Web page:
By Camilo Smith
By Craig Malisow
By Jeff Balke
By Angelica Leicht
By Jeff Balke
By Sean Pendergast
By Sean Pendergast
By Jeff Balke
In another snapshot, Campbell is a boy of ten or 11, wearing a cowboy hat and boots, feeding a calf with a baby's bottle while two kittens arch and preen at his feet. And there is another of a lightly bearded Campbell toward the end of his life. His beautiful, wavy hair is nearly shaven, and he's smiling while lighting a candle, a signature symbol in his final pieces of art. He looks lean, pared down and luminous as a Byzantine icon.
This is not the house of a pros-perous physician, which Campbell, a neurologist with a medical degree from Baylor, could have been. (One colleague recalled that Campbell turned down an offer from a neurologists group that would have paid him half a million dollars a year.) Nor is it the cell of an ascetic monk. Rather, it is the house of a rare kind of person in America today: a religious aesthete. The house is crammed with wooden statues of saints and crucifixes, Latin American retablos and black-and-white Latin American art photography. The study is furnished with a computer, a television and a Spanish-colonial secretary crammed with books. A metal building in the back of the lot houses a library and studio. The arrangement reflects all of Campbell's interests in art, religion and medicine.
The foundation of Campbell's life was laid in the innocence of the agricultural town of Claude, where he was born on July 7, 1955. His parents, Phil and Mary Jane Campbell, are sturdy, quiet, dignified people, who built a prosperous ranch and farm, raising cattle, wheat, milo and hay. (Mounds of fragrant hay would figure in Campbell's large art installations.) As a little boy, this scholarly, spiritual man was the class cutup. Educators now believe that a sense of humor indicates a creative intelligence. He set up his chemistry set in an outbuilding behind his parents' house and performed experiments. Even as a boy, he wanted to be a doctor, though not necessarily for altruistic reasons. One of his classmates recalled that Campbell once said he wanted to be a doctor for the "gold."
Campbell was a good enough high school football player to win a scholarship to a small college, but he chose instead to attend the University of Texas, where he was an honors major in English literature, graduating in 1977. He was also interested in Latin American literature, and when the great blind Argentine writer Jorge Luis Borges visited the Austin campus, Campbell was assigned to be his escort. At the same time, he was a self-described "frat rat" who had lots of fun.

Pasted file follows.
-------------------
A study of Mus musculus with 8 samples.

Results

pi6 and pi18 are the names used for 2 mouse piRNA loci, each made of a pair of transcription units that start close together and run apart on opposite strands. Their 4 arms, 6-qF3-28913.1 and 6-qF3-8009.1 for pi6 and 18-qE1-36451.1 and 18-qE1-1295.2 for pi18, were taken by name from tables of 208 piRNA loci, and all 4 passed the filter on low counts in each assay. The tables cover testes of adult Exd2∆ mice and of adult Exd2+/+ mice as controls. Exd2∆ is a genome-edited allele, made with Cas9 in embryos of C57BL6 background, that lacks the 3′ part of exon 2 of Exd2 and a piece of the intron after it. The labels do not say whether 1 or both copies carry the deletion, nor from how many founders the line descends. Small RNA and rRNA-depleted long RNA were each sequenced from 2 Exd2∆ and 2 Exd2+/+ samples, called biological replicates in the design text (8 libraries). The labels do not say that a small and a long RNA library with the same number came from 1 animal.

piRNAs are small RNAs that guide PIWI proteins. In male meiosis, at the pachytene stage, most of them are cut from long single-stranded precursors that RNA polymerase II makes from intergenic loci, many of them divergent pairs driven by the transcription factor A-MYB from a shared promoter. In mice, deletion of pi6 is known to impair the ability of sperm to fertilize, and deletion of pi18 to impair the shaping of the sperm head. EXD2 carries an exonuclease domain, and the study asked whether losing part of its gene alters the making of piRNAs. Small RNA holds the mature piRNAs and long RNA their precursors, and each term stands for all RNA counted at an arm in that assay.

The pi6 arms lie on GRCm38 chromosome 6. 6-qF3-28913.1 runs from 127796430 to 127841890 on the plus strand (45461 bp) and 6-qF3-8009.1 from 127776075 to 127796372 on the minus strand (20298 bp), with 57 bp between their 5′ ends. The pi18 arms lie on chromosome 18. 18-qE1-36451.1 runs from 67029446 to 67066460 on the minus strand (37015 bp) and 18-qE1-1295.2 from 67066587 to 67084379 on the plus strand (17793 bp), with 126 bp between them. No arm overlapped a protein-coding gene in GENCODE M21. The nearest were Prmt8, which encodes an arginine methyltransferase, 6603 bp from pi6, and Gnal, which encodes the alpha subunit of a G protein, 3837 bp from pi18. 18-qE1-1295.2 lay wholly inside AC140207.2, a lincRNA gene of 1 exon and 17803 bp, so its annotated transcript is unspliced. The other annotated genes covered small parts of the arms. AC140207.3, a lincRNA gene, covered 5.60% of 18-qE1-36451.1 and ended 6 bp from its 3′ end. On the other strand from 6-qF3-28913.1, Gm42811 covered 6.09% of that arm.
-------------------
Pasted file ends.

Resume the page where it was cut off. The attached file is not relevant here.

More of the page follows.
Although friends told him he couldn't do it, Campbell sought relief from the grind of his medical studies at Baylor College of Medicine by simultaneously taking art lessons at the Glassell School. Years later, he would say, "Art feeds into medicine and medicine feeds into art. Art should be socially responsible and it is a part of the healing process. Medicine is more technical, and having lost a lot of its humanity, regains it through art."
Sometime in 1984, while he was finishing his residency in neurology, Campbell learned that he was HIV-positive. We now know that the average life expectancy of infected people is ten years, but based on the information he had available then, Campbell couldn't have expected to live more than two or three years. He had become a man under pressure to do something with the rest of his short life. His most important need was to resolve the conflict he felt between being a physician and an artist.
He thought he would have more time to make art if he worked in a public health clinic, where a doctor's workweek can consist of three long, intense days. From 1985 to 1987, he wove the elements of his life together by working in clinics in the small South Texas towns of Cotulla and Carrizo Springs, which sit a bare hour's drive away from the Mexican border. The Mexican vaqueros who worked on his father's ranch had always impressed him with their dignity. Now, at his clinics, he was working almost exclusively with migrant Mexican farm workers.
Campbell had grown up in the Disciples of Christ First Christian Church in Claude. During college, he had attended an Episcopal church, but was disturbed there by what he saw as an emphasis on affluence. During medical school he quit attending church, and by the time he began his medical work had stopped thinking about God.
Then, on a vacation to Santa Fe in 1985, he met a priest at a restaurant who introduced him to liberation theology, an approach to religious thought that had taken hold among many Catholic prelates in Latin America. A key tenet of that theology is the "preferential option," in which the materially rich person embraces a spiritual poverty, seeking to become an equal with the poor. In doing this, one is turned inside out, creating a moral imperative to improve the material condition of others. In Latin America, some priests who have called for social reform have been ostracized by the ruling classes as communists, and on occasion even murdered by military cliques.